Minuscule Speed Traps
Rotating molecules experience the Doppler effect
It can be given credit for helping us to grasp the grandeur of the universe, and it can also be blamed for some modern-day unpleasantness. From the redshift of receding galaxies to the radar guns in speed traps, the same fact of physics underlies the outcome. The Doppler effect occurs when an object is moving while simultaneously emitting or reflecting wave signals, such as light or sound. If the object is moving toward a receiver, it catches up with the signal it emits, contracting the distance between wave peaks. The effect is that sound shifts to a higher pitch, or light to a higher frequency (toward the blue end of the visible spectrum). If the object is moving away, sounds are shifted to a lower pitch and light to a longer wavelength, toward red (which is why the light from stars moving away from us in an expanding universe is described as redshifted.)
This effect isn’t restricted to objects moving in straight lines; it also applies if they are turning like a top. This phenomenon is again useful on the astronomical scale, where it is seen in revolving planets or galaxies and is used to determine their rotational speed. But it turns out that this rotational Doppler effect scales down from the most grandiose all the way to the tiniest possible level, at the scale of single molecules. (Atoms are considered points and don’t rotate, so a minimum of at least two atoms joined in a molecule is necessary.) For the first time, this effect in molecules has been experimentally observed, as chemist T. Darrah Thomas of Oregon State University and a team of international colleagues reported in the May 13 issue of Physical Review Letters.
Thomas has suspected for several years that the rotational effect was there in molecules, and he finally got the data to prove it. He and his colleagues were able to show that when electrons are ejected from revolving molecules, the energy of the electron will be slightly higher if it is emitted from the end of the molecule that is rotating toward the receiver, and slightly lower from the end that is rotating away. The effect becomes more pronounced as the temperature increases. “On the astronomical scale, this is old-hat stuff,” says Thomas. “It’s just that it was not seen on the molecular scale for a variety of reasons, one being that nobody had looked for it.”
Thomas and his colleagues conducted their experiments in synchrotrons, particle accelerators that provide a source of light at a wide range of frequencies and energies. The group traveled to three synchrotrons across the globe—in Japan, Sweden and France—to get the span of energies they needed. Their target was a gas that was a mix of solo krypton atoms and nitrogen molecules made of pairs of nitrogen atoms. The team bombarded the gas with photons of various energies from the synchrotron. The photons that collided with the atoms or molecules caused them to emit an electron, and the team was able to measure the energies of the ejected electrons.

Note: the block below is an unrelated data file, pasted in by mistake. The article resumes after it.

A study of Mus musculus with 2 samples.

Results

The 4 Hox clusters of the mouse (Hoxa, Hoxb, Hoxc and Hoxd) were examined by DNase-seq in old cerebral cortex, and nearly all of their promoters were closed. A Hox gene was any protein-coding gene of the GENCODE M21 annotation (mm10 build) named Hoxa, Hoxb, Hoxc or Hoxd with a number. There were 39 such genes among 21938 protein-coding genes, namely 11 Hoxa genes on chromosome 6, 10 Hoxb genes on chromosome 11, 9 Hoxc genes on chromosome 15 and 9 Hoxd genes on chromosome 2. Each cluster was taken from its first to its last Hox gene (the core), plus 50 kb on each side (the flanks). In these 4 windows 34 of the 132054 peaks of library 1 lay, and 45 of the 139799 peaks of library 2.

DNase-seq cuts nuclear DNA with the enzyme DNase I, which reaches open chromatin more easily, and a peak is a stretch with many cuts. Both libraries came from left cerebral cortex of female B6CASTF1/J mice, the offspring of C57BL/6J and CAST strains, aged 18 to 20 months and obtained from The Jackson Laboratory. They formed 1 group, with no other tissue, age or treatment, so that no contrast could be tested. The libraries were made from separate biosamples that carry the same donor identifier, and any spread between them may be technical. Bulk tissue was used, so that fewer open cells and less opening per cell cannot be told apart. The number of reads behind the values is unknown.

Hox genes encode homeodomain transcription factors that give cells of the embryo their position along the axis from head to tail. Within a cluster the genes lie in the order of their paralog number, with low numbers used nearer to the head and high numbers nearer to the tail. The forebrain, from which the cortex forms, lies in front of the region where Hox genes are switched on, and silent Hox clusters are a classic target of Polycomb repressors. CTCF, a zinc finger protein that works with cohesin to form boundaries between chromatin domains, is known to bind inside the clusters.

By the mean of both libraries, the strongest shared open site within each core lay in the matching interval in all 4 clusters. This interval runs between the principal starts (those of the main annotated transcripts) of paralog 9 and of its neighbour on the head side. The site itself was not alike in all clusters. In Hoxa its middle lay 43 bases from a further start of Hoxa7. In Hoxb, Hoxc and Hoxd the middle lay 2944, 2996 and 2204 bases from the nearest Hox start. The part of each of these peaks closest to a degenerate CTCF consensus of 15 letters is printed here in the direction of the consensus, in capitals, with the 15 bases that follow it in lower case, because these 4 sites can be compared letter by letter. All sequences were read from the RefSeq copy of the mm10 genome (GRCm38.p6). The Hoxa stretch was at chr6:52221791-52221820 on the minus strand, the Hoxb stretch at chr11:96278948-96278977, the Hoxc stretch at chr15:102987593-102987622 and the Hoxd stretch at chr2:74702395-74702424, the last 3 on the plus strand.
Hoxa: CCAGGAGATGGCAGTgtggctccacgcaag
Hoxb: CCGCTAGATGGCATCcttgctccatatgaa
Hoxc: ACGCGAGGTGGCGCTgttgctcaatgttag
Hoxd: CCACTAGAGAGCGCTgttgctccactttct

“In the ideal world, when you put a photon in at a specific energy required to get an electron out, you would expect to see only a single energy,” explains Thomas. “We don’t, because the photon energy is not precisely defined, and the device used to measure the electron energy distribution is not perfect, so there will be an instrumental energy spread. There’s also translational Doppler broadening because the atoms are moving.” The krypton atoms are in the gas target mix to account for these factors. Both the krypton and the nitrogen molecules will experience the same instrumental effects, and the group can correct for the linear Doppler effect, but only the nitrogen molecules are turning, so only they will have an additional factor of rotational Doppler shift. “When we look at the distribution of electron energies coming from the nitrogen, they are broader than the distributions coming from the krypton,” Thomas says. “By comparing the krypton measurements to the nitrogen measurements, we can figure out the rotational contribution.”
Such effects are important for researchers to account for when they are making measurements of molecules, to make sure that their readings are accurate. This result provides them with a way to increase their precision, but as Thomas notes: “It’s one of these things, be careful what you wish for. We always wish for better resolution, because then life would become simpler. Well life never becomes simpler, it only becomes more complicated, so this is just one more complication that has to go into analyzing and planning the sort of experiments we do.”
Thomas hopes that the data might help to isolate measurements that come from deeper within molecules, such as from electrons that might be ejected from inner shells and only last a fleeting instant. It might also be possible, eventually, to work out whether or not electrons are ejected uniformly in all directions, which might tell something about molecular orbitals. “So there are other things that we might hope to glean, but these are pretty difficult experiments, and getting that kind of information out is a hard struggle, at least at this point,” says Thomas. “It’s probably there, it’s just hard to do. But of course things get better.”